Plums will be the second GM fruit introduced. The HoneySweet plum is modified to fend off the Plum pox, a damaging virus to the plum family, according to Organic Authority. A small dose of the virus is actually injected into the fruit so that the plum becomes resistant to the virus.

Organic Authority reported on how the plum planting will be controlled:

The HoneySweet experimental plantings have been closely monitored in isolated fruit tree orchards with an outer "guard" orchard of plum trees to help monitor the potential spread of GM plum pollen. To further reduce the risk of contamination during the development of HoneySweets, pruning wood was burned and all fruit was harvested and destroyed, including the pits.

But even a closely monitored crop leaves many of us questioning what's next. The Organic Consumers Association, along with other organic organizations are staunchly opposed to deregulation.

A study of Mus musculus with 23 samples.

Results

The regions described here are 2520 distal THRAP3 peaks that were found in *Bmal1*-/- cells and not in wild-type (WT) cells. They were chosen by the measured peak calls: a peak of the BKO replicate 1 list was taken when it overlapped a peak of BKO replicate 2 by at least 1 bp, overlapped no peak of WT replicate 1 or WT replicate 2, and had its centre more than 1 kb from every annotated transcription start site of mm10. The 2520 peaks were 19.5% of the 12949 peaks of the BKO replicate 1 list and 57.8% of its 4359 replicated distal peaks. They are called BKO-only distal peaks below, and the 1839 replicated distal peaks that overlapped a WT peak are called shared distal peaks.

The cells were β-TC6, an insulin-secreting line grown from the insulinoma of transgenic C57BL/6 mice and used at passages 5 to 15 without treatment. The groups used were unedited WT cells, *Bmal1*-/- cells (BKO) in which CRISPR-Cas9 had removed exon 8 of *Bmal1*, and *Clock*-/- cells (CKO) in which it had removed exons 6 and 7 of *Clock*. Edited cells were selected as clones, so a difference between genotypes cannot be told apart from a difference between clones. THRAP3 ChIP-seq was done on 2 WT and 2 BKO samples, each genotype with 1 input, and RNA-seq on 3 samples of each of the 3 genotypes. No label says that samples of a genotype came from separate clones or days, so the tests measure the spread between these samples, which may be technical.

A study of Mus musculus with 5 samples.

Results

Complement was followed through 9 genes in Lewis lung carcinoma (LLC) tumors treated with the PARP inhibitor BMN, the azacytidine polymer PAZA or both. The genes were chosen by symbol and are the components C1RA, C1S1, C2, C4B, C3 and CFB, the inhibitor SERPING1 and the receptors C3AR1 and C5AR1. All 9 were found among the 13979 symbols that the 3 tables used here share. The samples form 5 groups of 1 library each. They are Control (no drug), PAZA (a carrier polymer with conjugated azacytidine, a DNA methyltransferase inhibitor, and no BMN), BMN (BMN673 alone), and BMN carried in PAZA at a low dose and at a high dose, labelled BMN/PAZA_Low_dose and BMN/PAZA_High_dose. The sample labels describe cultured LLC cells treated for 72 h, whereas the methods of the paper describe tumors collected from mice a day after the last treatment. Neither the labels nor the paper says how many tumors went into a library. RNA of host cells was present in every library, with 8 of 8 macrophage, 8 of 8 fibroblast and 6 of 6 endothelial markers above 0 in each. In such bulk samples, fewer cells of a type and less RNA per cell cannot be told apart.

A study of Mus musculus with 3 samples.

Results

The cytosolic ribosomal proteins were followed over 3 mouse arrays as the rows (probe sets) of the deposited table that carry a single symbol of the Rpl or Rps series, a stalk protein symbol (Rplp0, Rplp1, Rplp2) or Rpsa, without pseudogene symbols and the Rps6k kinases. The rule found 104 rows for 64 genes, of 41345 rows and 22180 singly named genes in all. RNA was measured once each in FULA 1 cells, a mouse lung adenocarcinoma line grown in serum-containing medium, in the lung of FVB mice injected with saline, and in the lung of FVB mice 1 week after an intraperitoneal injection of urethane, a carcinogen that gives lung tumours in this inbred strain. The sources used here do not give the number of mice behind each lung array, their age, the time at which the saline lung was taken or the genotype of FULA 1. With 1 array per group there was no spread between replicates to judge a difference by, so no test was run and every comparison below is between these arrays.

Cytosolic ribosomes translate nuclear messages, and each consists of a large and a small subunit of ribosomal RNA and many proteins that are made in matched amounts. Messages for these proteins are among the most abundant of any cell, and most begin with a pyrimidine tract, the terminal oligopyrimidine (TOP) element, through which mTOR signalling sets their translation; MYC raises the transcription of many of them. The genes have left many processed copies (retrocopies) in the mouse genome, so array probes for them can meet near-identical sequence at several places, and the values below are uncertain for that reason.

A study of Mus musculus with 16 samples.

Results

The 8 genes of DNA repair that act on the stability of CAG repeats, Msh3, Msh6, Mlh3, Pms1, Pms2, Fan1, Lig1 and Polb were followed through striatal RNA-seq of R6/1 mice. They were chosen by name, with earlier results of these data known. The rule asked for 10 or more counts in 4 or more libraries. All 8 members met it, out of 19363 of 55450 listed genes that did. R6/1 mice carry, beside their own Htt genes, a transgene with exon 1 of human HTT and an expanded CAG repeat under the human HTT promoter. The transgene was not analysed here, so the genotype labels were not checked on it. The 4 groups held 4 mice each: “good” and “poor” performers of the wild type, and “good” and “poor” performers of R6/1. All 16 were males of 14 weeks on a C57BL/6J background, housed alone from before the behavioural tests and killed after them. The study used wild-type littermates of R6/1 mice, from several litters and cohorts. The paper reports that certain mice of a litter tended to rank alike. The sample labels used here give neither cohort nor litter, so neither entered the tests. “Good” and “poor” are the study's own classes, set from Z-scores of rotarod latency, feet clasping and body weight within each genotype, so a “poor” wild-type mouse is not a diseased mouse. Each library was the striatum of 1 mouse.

"Approval of C5 (HoneySweet) will pave the way for more GE food and tree varieties, as well as guarantee the widespread genetic contamination of conventional and organic stone fruit varieties, including plums, peaches, cherries and apricots," says the Organic Consumers Association.

As far as I'm concerned, no matter what steps are taken to avoid contamination, the pollen from bees moving from GM tree to none GM tree could cause issues in the future. And if you're skeptical that such contamination could occur, take for example the papaya in Hawaii.

"In September of 2004, citizen groups announced that tests of nearly 20,000 papaya seeds on the island of Hawaii revealed that half of the seeds were genetically modified. Eighty percent were taken from organic farms and were not supposed to be genetically modified," said Jeffrey Smith, author of the book Seeds of Deception. "This is a prime example why co-existence and/or buffer zones cannot work."